Recycling is a great way to help those affected by Hurricane Laura and other natural disasters. One way it is helping was shared by KHOU 11 reporter Janelle Bludau on Twitter.

Recycling is a great way to help those affected by Hurricane Laura and other natural disasters. One way it is helping was shared by KHOU 11 reporter Janelle Bludau on Twitter.

In the video Bludau shared, volunteers from the Houston nonprofit Every Shelter are taking old billboard vinyl and using them to tarp the roofs on damaged homes in Lake Charles. Billboard Insider reported where the vinyl came from — it was donated to Every Shelter by IBOUSA, a networking group of companies that focus on promoting things that are important to the Out Of Home (OOH) advertising industry. Chris Cowlbeck, General Manager for IBOUSA, shared that Every Shelter reached out to him for help.

“The email was from Scott Austin Key, Co-Founder, and CEO of Every Shelter,” he said, while adding that the email “said they were stepping up to be the coordinator for an effort in partnership with VOAD efforts to acquire as many billboard vinyls as possible and asked if IBOUSA could help get the message out and assist in any way. We promptly fired out a blast given our efforts to help them with a shelter solution and our Associates already have many pallets ready, but need many many more.”

Habitat for Humanity Houston also played a key role in moving the idea forward. “We will be filming instructional videos for the volunteer crews and will emphasize the need for the ad side to be installed down towards the damaged roof for those concerned about exposing creative inappropriately,” Key added.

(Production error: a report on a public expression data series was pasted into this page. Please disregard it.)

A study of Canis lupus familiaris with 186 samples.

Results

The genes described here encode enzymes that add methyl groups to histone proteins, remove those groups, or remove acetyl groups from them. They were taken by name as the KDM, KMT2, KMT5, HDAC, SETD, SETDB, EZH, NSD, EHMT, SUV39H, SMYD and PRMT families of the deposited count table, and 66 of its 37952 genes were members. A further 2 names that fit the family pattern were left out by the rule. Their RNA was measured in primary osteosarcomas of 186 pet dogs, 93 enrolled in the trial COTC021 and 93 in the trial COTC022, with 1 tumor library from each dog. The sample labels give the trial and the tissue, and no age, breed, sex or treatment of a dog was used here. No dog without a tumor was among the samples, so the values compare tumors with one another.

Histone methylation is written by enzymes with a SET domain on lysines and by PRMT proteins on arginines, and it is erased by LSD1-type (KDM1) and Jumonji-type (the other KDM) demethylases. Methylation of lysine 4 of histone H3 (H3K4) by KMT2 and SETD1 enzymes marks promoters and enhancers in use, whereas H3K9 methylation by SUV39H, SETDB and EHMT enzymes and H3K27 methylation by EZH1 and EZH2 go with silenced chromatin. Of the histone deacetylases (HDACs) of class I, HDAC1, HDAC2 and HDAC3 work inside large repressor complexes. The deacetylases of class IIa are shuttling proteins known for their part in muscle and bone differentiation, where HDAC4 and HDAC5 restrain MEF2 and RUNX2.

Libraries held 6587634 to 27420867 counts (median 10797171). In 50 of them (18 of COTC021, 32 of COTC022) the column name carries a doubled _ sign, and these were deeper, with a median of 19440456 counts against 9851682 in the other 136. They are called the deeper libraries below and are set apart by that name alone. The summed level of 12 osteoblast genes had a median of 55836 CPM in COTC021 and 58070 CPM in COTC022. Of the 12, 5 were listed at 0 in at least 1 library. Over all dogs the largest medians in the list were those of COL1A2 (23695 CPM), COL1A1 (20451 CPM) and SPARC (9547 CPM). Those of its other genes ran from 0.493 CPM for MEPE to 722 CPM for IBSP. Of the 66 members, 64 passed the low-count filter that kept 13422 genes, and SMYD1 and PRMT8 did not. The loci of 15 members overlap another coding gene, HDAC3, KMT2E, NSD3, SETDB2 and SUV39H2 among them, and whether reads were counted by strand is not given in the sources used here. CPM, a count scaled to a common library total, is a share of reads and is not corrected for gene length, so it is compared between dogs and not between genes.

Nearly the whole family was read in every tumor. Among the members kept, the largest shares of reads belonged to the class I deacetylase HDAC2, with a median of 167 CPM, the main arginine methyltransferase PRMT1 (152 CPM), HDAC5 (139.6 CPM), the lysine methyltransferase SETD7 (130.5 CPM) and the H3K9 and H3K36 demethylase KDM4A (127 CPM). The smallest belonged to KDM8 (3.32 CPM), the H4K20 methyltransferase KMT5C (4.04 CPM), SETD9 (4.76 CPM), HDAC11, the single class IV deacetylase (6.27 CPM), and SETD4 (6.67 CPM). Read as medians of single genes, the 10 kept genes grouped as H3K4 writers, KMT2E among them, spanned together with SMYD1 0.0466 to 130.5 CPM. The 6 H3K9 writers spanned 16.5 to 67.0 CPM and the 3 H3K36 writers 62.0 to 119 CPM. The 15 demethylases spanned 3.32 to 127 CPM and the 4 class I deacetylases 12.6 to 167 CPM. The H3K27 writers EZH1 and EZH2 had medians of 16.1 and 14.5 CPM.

Cowlbeck noted that this particular response was similar to one from Hurricane Harvey in Houston in which IBO Associate Sparta Craine coordinated those efforts.

“The OOH industry has a chance now with Every Shelter and folks like Tony Gallager of Sparta to build these efforts to become sustainable. If any of the larger regional independents or field ops persons at the big three have interest, please feel free to reach out to me chris@IBOUSA.org. If we can open a line of communication and coordinate some logistics, we may be able to build stockpiles ahead of time in appropriate staged locations with philanthropic partners.”

How Reliable And Eco-Friendly Is Vinyl For Roofing?

RoofingCompare notes that vinyl is a really durable material that can be used in many ways, such as siding, flooring, and roofing. Many vinyl roofing shingles and membranes can withstand heavy wind and hail and are also fire resistant. Vinyl is also eco-friendly since it is a recyclable material.

Both vinyl roofing shingles and membranes can be recycled at the end of their lifespan — usually after 20 years or so. The only disadvantage to vinyl is that it has a higher initial cost — which is why recycled vinyl is perfect for helping those whose roofs were damaged during the storm.

How You Can Help

A simple donation of only $30 can help Every Shelter send a billboard tarp to help those impacted by Hurricane Laura. $150 sends 5 billboards and $300 sends 10 billboards. Even though the billboards were donated, the costs getting them from Houston to Lake Charles still apply. To donate, click here.

There are many organizations helping the residents of Lake Charles and Southwest Louisiana to recover, rebuild, and salvage their lives. Despite the almost nonexistent mainstream and national media coverage of the aftermath, Lake Charles and SWLA are really struggling. The media coverage is vital to helping the relief organizations get the promotion they need to raise funds for the help they are providing.

There are several verified GoFundMe fundraisers that are focused on helping, and many organizations need volunteers. I’ve been promoting and supporting The Cajun Navy and the Community Foundation of SWLA. Helping any or all of these organizations will help those in need.

 

Johnna Crider is a Louisiana native who likes crawfish, gems, minerals, EVs, and advocates for sustainability. Johnna is also the host of GettingStoned.online, a jewelry artisan and a $TSLA shareholder.